Wikileaks itself fuelled the conspiracy theory by offering a reward for the capture of Mr Rich's killer and hinting that he may have been the source of the emails.
Because of the false reporting, the lawsuit claims the Richs have symptoms of PTSD and obsessive compulsive behavior, noting "they feel compelled to review the news stories, tweets, and internet material falsely stating that Seth was WikiLeak's source for the DNC emails." iMediaEthics has written to the Rich family's lawyer for further comment.
Fox News only retracted the story a week after it was published. "The pain and anguish that comes from seeing your murdered son's life and legacy treated as a mere political football is beyond comprehension", Rich's parents Joel and Mary Rich told ABC News in a joint statement.
"No parent should ever have to live through what we have been forced to endure", Joel and Mary Rich said in statement, according to CNN. Wheeler alleged in his lawsuit that the comments were false and were put in the story at the behest of President Donald Trump to discredit investigations into Russian interference in the 2016 election.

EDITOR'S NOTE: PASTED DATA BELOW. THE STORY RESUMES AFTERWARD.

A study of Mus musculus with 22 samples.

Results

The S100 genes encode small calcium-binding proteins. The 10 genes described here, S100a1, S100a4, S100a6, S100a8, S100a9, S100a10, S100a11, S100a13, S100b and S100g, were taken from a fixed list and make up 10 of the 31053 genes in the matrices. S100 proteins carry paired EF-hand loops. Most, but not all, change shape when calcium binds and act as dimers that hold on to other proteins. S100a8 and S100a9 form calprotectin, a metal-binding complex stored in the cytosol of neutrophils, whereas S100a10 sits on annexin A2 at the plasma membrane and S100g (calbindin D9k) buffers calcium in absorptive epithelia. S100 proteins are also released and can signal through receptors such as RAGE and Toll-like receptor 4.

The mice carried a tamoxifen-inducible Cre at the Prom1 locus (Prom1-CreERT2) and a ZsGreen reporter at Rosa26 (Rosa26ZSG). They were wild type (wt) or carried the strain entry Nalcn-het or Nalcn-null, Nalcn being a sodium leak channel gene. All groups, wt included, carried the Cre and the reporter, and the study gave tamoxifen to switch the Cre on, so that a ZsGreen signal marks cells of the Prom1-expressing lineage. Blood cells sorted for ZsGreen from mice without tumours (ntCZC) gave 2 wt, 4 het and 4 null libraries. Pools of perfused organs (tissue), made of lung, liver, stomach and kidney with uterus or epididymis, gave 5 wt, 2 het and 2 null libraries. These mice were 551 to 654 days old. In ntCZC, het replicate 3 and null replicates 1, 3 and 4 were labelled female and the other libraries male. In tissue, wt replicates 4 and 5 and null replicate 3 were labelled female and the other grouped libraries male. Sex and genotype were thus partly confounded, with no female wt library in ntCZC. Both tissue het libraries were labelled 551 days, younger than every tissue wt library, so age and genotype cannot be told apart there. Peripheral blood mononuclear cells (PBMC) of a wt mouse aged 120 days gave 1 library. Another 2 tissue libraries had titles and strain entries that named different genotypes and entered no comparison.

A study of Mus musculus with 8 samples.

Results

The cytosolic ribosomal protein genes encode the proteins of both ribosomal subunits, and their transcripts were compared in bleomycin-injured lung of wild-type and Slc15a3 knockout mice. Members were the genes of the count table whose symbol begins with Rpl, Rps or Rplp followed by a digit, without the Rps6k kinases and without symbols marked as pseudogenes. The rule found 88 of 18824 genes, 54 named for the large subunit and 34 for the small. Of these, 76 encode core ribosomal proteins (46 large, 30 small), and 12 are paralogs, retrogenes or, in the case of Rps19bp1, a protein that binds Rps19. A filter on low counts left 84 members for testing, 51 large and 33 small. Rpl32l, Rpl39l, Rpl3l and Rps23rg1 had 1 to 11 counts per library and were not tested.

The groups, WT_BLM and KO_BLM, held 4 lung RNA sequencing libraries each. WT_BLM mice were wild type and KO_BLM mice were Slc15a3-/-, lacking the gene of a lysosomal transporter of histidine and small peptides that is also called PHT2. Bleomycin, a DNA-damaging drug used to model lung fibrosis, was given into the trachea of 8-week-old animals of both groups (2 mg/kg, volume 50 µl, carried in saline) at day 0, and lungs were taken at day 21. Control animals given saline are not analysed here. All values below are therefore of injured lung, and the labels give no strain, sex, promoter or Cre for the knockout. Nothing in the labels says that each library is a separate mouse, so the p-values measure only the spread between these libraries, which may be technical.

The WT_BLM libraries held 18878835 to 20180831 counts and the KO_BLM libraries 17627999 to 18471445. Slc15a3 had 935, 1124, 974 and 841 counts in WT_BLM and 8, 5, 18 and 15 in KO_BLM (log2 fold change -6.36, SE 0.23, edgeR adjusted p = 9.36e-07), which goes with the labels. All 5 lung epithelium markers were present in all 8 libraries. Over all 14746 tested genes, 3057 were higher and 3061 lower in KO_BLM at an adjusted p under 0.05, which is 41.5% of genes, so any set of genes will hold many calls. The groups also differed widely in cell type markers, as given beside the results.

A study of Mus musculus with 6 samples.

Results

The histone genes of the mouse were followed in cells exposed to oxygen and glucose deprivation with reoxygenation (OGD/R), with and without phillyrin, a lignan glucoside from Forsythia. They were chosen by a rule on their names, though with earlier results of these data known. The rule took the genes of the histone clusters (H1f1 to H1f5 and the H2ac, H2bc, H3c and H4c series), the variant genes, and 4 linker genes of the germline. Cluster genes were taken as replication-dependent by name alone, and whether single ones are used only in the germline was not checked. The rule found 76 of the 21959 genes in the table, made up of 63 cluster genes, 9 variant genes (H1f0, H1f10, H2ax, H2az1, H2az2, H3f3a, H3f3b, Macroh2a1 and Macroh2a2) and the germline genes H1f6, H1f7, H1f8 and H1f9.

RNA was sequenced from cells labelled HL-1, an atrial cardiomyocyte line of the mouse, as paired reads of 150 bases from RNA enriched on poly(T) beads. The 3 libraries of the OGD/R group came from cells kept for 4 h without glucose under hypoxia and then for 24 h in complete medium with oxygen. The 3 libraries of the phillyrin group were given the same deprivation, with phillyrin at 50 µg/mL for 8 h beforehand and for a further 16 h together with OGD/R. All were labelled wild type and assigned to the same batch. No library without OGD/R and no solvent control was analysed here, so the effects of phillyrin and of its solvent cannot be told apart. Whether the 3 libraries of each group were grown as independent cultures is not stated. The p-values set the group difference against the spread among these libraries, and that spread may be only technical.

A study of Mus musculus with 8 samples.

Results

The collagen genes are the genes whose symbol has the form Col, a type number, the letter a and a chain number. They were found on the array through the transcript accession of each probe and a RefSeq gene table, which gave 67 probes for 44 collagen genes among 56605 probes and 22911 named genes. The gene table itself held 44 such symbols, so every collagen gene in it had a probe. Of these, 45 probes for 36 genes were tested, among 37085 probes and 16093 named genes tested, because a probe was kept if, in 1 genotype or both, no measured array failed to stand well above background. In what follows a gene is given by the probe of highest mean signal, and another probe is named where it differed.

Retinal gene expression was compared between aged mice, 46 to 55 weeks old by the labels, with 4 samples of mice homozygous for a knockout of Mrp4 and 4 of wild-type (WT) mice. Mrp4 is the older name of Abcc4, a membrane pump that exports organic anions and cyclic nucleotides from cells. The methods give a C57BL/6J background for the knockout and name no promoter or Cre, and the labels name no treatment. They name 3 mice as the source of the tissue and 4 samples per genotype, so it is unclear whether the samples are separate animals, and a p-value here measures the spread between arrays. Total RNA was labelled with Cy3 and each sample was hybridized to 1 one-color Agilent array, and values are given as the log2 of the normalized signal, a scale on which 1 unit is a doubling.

The lawsuit claims that Malia Zimmerman, the Fox News reporter, and Ed Butowsky, a businessman, schemed together to invent a "sham" smear campaign about their son Seth Rich's death.
According to the Riches' complaint, Butowsky, an occasional Fox guest and longtime Republican surrogate based in Texas, allegedly conspired with Zimmerman to promote the claims about Rich and Wikileaks.
Butowsky said that Joel Rich had been "very happy with the article" when it was initially published. The suit contends that the reporters and the network "aided and abetted the intentional infliction of emotional distress" by the continued promotion of the story.
Filed Tuesday in U.S. District Court for the Southern District of NY, the suit also names Fox News reporter Malia Zimmerman and Texas businessman Ed Butowsky, who are accused of playing a critical role in the spread of the conspiracy theory.
Butowsky told ABC News in an interview that the lawsuit is "one of the dumbest" he'd ever seen.
"Not only does my heart go out to them, but my wallet went out to them", he said, appearing to refer at least to his offer to pay Wheeler to investigate Rich's death.